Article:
Information identified as archived on the Web is for reference, research or recordkeeping purposes. It has not been altered or updated after the date of archiving. Web pages that are archived on the Web are not subject to the Government of Canada Web Standards. As per the Communications Policy of the Government of Canada, you can request alternate formats on the "Contact Us" page.
How do Canada's Copyright laws affect you? How should existing laws be modernized?
The most obvious way that Copyright laws affect me is as a consumer and user of media. I also can be, and have been, an occasional creator of media. Lastly, I am a computer programmer, and often create works of code, some of which even interact with works of media.
I think any modernization of the laws should take recent changes, like the internet, the ease of creating new media, and Peer-To-Peer technologies, into consideration but without making specific mention of these new and emerging methods. That would leave the laws invariably out-of-date the next time any new technology comes along.
It is my feeling the law should be based on actions rather than methods. I feel that once I have given the Creator the dues they desire Copyright law should have reached its bounds. At that point, I legitimately have a copy, and should be able to do with it as I please. Of course, this will not extend to the point where someone else can use my copy illegitimately. In that case Copyright Law comes back in, as I am an unauthorized distributor, and another is using me to break Copyright Law.
Based on Canadian values and interests, how should Copyright changes be made in order to withstand the test of time?
Like I've previously stated, it is my belief that the laws should be written to declare, as clearly as possible, what is and is not allowed. Thus, Canadian Copyright laws should focus not on what technologies or methods people are using, but what they are doing with them.
Stating "A person should not obtain a copy of a work for which the Creator has not been compensated in the way they require", rather than saying "A person should not use Peer-To-Peer technologies to download music they haven't bought"
What sorts of copyright changes do you believe would best foster innovation and creativity in Canada?
When it comes to Creativity the most important things are having very clear, but broad and open-ended, terms for use. This includes Fair Use, as well as using works with permission, using works you've purchased, etc. Again, these should be method agnostic.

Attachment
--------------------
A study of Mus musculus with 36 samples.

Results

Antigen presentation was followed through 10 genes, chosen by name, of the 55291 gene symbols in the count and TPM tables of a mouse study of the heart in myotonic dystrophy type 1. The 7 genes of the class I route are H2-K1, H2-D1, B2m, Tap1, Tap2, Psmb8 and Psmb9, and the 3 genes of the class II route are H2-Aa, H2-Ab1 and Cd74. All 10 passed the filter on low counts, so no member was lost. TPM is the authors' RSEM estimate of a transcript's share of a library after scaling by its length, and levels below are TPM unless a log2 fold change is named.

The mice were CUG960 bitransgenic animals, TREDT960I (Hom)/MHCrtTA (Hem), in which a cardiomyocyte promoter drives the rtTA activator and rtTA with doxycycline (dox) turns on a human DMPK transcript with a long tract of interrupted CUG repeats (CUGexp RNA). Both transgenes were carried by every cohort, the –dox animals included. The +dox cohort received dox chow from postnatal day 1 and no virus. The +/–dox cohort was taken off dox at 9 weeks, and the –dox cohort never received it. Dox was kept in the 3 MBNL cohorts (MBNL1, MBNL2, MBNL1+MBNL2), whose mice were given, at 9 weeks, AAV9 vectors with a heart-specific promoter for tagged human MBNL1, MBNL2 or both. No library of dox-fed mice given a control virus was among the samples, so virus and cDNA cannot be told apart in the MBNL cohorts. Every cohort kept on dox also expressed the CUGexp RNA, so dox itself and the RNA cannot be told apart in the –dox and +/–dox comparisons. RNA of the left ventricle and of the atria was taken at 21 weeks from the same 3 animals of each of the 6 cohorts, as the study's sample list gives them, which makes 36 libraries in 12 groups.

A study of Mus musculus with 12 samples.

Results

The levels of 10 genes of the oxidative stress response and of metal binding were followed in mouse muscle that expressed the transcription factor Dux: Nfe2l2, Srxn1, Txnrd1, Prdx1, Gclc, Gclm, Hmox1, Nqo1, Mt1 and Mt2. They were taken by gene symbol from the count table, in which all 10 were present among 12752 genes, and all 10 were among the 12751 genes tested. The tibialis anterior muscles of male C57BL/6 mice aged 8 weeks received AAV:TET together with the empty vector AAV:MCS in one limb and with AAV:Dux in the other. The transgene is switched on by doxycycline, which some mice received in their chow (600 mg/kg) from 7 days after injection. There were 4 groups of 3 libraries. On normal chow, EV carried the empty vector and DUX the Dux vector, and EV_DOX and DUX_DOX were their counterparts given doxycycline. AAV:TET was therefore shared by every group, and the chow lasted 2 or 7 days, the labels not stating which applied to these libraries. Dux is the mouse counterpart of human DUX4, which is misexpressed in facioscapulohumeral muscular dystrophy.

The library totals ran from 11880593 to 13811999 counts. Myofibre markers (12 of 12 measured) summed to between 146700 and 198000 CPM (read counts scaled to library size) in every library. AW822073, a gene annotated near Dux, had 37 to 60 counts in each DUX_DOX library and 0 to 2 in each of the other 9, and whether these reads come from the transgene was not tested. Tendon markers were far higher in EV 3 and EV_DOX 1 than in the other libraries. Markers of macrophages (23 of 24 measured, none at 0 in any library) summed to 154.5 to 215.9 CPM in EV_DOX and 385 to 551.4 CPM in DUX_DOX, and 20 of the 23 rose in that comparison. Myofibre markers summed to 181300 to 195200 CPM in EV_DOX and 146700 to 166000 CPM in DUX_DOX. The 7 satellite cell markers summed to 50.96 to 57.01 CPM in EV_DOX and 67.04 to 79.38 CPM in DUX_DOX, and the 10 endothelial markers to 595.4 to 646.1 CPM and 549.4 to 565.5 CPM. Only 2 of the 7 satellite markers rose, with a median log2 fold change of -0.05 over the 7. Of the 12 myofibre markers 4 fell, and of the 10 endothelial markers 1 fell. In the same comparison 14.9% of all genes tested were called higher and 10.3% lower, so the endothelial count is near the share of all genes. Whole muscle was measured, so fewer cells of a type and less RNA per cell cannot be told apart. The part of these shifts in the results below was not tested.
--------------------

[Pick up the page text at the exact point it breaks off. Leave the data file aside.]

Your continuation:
It is becoming increasingly easy to create new ideas, and remix old ones, in new and interesting ways. Mashing-up two or more completely unrelated sources can create something entirely new and fresh.
While credit to those who have come before is important and necessary, the law has to balance that with the need to foster as many new works as possible. To stay out of the way of art and progress as much as possible.
In Innovation, like I've said before, it depends on defining What is right and wrong, rather than How it is done. This way people can continue to innovate with a clear knowledge of where the line is, and can work within it.
Some new technology may come out that is superior to whatever was used before, and people can move to it, and embrace it, without needing to rewrite the laws.
What sorts of copyright changes do you believe would best foster competition and investment in Canada?
Making the breaking of digital locks illegal would definitely hamper competition. It is my belief that the breaking of digital locks should not be mentioned anywhere in the Copyright law. Like I have said above, what I do with my content after I've purchased it should not be the domain of Copyright law.
Technical Protection Measures are not intended to protect the rights of the creator, and serve only to try to limit what we the consumer can do with the content once we have already paid our dues. It is strictly anti-competitive; making it so that content purchased from one source can only be used on "The Approved Player(s)" and not done with as we please, taking away our choice.
Either way, whether anti-competitive or anti-copyright-infringement, it is ineffective. It can never keep those who wish to steal from stealing, and only ever ends up getting in the way of those who are looking to legitimately use content that they have legitimately acquired.
If you are looking to be really pro-active I would say that the banning of digital locks, or the encouraging of their breaking, is the bravest position, and the most pro-competition. This should probably come up in some anti-competition law. I still feel it doesn't belong in Copyright law.
What kinds of changes would best position Canada as a leader in the global, digital economy?
Everything I've put above. Fostering Innovation and Creativity. Making it so that Canadian creators can create, unhampered, the best and most progressive works. Making it so that Canadian users can do with their content as they please, rather than being locked in by vendors. Making it so that Canadian developers can create new and interesting uses for media without fear of persecution.